With Netflix taking the Daredevil character and weaving television gold with it, it’s easy to forget that Ben Affleck movie based on the character and the Elektra spinoff it led to even exist. With 2003’s Daredevil and 2007’s Ghost Rider, Mark Steven Johnson has the unfortunate distinction of helming not one but two disappointing Marvel movies. At the time of those films being released, the world of the Marvel Universe was a much smaller one and each foray into their characters was handled through different studios without any connection whether due to legal reasons or a lack of foresight. Time is not often kind to this kind of movie but is there a case that can be made that Daredevil isn’t a dog of a movie but rather one which just came out at the wrong time?
Unfortunately for Daredevil, time hasn’t aged it like a fine wine. More like eggs left out in the sun. It is very much a product of its time with music from acts like Hoobastank, Seether, Nickelback, House of Pain, Fuel, and most glaringly, Evanescence. Not timeless music under the best of circumstances, the soundtrack makes the film feel dated without considering the way they’re used with the moving image. In 2003 the only real Marvel movies in the rotation were Sam Raimi’s Spider-Man and Bryan Singer’s X-Men, so a little leeway has to be given for this foray into the world of the Man Without Fear. In many ways, this film feels like a child of those two which came before, focusing on emulating the source material and finding a way to make the then-modern technology work for them. It was the early days of the modern superhero film and it shows.
The movie feels uncomfortable in its own skin, forcing CGI into scenes that don’t need them, relying on far too many Dutch angles, and presenting a color palette that brings out the worst in the surprisingly pedestrian directorial style. There’s a very stagey feel to the dialogue scenes which is made worse when some truly great character actors are on hand. Joe Pantoliano as Ben Urich could have been fun but his ridiculous headwear makes it impossible to enjoy his performance. Michael Clarke Duncan was an inspired choice to play the villainous Kingpin but he’s given precious little to work with. Jon Favreau is an ideal Foggy Nelson, a role he basically repurposed with his Happy Hogan in the Iron Man movies, but he’s acting in a different film than Ben Affleck is. Jennifer Garner looks fantastic but her dialogue is generic and she seems more like a device than an actual character. Of everyone in the film only Colin Farrell seems to realize that whether intended or not, Daredevil is pulp. His over-the-top performance is the only one that resonates above one dimension.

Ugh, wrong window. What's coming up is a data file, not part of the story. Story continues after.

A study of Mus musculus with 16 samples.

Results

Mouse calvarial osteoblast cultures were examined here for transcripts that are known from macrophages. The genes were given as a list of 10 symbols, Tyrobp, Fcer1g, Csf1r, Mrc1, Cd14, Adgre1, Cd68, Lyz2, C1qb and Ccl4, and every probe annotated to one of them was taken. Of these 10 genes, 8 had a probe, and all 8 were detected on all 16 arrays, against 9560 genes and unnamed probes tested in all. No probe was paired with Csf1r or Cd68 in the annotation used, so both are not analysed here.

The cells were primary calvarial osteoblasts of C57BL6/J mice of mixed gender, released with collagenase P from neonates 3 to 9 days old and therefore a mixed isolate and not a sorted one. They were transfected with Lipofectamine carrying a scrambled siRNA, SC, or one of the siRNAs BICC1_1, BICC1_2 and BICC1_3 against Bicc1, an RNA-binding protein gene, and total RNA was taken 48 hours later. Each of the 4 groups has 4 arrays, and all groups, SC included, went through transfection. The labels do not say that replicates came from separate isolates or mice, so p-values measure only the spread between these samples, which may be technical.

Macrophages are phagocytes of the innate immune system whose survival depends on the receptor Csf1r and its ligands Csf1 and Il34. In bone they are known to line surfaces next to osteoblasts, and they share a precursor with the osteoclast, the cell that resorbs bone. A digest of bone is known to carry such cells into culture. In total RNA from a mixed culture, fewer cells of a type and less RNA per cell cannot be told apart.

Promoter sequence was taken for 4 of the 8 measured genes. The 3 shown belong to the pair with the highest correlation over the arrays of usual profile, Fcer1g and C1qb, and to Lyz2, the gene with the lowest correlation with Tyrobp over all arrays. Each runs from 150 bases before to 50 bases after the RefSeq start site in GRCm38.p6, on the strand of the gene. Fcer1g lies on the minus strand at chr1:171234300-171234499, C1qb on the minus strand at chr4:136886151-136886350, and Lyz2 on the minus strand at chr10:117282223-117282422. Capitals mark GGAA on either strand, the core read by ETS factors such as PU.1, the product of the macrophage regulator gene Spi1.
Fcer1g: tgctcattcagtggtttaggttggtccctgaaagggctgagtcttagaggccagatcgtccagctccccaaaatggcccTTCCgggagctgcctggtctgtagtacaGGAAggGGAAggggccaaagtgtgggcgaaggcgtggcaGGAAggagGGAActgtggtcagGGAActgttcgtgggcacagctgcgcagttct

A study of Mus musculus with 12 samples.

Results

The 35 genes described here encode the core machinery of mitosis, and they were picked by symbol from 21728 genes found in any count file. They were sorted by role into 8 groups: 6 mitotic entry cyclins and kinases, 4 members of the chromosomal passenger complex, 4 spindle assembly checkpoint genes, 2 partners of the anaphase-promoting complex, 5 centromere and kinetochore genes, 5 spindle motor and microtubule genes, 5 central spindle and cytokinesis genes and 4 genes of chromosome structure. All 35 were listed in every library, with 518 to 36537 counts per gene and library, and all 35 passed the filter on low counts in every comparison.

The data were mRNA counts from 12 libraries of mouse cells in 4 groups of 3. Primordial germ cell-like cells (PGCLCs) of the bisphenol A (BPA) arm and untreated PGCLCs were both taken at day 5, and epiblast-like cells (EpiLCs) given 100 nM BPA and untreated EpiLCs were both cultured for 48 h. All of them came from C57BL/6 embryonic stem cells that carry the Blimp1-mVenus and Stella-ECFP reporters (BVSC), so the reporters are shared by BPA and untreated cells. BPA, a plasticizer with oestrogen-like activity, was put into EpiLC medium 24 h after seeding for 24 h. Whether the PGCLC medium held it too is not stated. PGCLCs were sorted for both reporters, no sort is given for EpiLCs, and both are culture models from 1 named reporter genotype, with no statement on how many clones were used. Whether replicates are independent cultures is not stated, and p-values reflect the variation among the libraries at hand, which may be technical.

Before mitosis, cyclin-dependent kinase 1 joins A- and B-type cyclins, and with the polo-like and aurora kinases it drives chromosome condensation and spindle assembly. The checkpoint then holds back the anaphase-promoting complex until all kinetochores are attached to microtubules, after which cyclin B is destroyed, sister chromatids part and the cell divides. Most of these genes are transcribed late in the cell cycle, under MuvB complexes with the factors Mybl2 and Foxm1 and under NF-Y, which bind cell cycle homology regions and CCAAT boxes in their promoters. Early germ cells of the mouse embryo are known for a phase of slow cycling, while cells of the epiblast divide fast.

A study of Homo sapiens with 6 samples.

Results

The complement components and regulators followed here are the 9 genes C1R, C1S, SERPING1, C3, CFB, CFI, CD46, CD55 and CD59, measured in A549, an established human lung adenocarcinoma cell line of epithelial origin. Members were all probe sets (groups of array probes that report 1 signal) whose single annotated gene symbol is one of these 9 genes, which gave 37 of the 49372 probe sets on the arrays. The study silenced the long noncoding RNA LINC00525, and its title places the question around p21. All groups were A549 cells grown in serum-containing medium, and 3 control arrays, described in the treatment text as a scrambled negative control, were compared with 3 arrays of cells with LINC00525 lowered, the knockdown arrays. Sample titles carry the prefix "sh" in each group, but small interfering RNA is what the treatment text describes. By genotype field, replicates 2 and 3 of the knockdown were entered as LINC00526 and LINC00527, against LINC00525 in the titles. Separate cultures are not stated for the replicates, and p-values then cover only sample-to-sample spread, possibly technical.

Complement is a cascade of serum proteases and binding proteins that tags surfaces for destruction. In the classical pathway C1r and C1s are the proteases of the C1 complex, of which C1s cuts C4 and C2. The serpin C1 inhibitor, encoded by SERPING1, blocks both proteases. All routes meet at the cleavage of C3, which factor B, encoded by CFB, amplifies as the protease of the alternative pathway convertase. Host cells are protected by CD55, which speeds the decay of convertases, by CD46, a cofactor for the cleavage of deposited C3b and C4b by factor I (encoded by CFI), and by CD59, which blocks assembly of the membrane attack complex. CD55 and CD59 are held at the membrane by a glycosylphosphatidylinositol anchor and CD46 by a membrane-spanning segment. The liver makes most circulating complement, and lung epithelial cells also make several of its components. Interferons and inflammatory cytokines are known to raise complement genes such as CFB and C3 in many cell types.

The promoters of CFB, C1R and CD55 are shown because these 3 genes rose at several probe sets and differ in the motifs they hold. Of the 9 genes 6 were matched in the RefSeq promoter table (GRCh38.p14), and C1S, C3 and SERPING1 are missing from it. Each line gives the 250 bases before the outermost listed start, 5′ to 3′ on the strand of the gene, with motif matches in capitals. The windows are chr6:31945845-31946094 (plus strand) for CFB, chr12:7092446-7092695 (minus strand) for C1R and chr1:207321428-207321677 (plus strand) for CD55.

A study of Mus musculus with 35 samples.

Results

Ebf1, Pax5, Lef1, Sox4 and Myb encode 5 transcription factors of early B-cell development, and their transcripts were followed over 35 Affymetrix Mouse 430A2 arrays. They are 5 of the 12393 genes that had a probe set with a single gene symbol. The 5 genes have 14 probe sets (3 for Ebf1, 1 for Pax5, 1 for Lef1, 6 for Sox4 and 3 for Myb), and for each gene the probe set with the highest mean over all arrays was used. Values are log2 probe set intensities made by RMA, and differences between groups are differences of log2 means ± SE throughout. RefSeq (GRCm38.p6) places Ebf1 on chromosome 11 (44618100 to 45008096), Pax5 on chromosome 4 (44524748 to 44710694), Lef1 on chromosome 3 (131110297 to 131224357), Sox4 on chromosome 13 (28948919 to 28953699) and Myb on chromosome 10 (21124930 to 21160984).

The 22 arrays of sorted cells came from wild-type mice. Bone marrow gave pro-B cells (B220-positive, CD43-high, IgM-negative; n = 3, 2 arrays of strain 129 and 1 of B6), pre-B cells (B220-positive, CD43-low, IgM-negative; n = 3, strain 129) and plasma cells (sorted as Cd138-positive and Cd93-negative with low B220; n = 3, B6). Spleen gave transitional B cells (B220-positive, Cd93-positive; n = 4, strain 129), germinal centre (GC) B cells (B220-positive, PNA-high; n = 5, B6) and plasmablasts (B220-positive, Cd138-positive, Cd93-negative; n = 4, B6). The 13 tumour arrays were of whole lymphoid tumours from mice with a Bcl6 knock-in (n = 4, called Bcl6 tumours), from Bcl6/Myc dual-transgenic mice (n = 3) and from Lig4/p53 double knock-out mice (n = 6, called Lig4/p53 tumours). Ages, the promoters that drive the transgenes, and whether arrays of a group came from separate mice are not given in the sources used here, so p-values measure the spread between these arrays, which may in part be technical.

Then there is Ben Affleck. This is another instance where timing means everything. Ben Affleck in 2016 is the perfect actor to play Batman. Especially the weary, older Batman of Batman v Superman: Dawn of Justice. He has the mileage and the years in the spotlight behind him. He’s had amazing highs and embarrassing lows and has come out on top. That mileage informs his every acting instinct. In Daredevil Ben Affleck is in the middle of his “movie star” phase. After his initial success, he took seemingly every role offered him and the resulting nine films in three years took their toll, especially considering how few actually were hits. The actor looks dazed here, in over his head. His Matt Murdock always looks on the verge of tears, which is an odd way to play blind. There’s no mileage on Affleck’s odometer and it makes it very difficult for him to sell Daredevil’s darker, intimidating nature.
This was before the stakes were raised in the genre. Spider-Man 2 and X-Men 2 were huge steps forward for the genre. They elevated the medium to something above niche. They helped bridge the gap between the nerds and the masses. Daredevil is in an unfortunate spot in that roadmap. It tries to shoehorn itself into the conversation and with a $75,000,000 budget it should have fit just fine. But to pay respects to the comic books that inspire and inform the film requires more than naming minor characters after comic book celebrities and recreating poses from the covers. It requires an understanding of the fire that drives these characters and the conflicts that make them seminal. Mark Steven Johnson, as writer and director, has no one else to blame. This is a tone deaf telling of the Daredevil story with a cast that never reaches the level required to make the story sing onscreen.
The movie came at a time when the medium and the world wasn’t ready for an authentic Daredevil. The CGI models never feel like real people, nor does the forced computer-assisted camerawork. Even the costumes are born out of a time where Hollywood hadn’t figured it all out yet. As a result, the film is an important cultural signpost between then and now. It’s too bad the film isn’t better but had it come in a post-Batman Begins world there wouldn’t nearly have been such an effort to make the character feel like Spider-Man or Wolverine or even Batman. It’s not a good film but it had a lot conspiring against it even under the best circumstances.
Luckily, time has given us a proper Daredevil and maybe, just maybe, this had to happen to make it so. In that case let us give this incarnation of the character a little bit of forgiveness. It knew not what it was.
What it gets right
- Foggy Nelson.
- “Daredevil Vision” is kind of neat.
- They spelled everyone’s name correctly in the credits.
What it gets wrong
- The costumes are disappointing.
- The music is atrocious.
- The action scenes are poor carbon copies of Matrix and Spider-Man.
- It steals the superficial elements from the comics but never digs deeper.
- The cast is based on who was hot at the time rather than who made sense.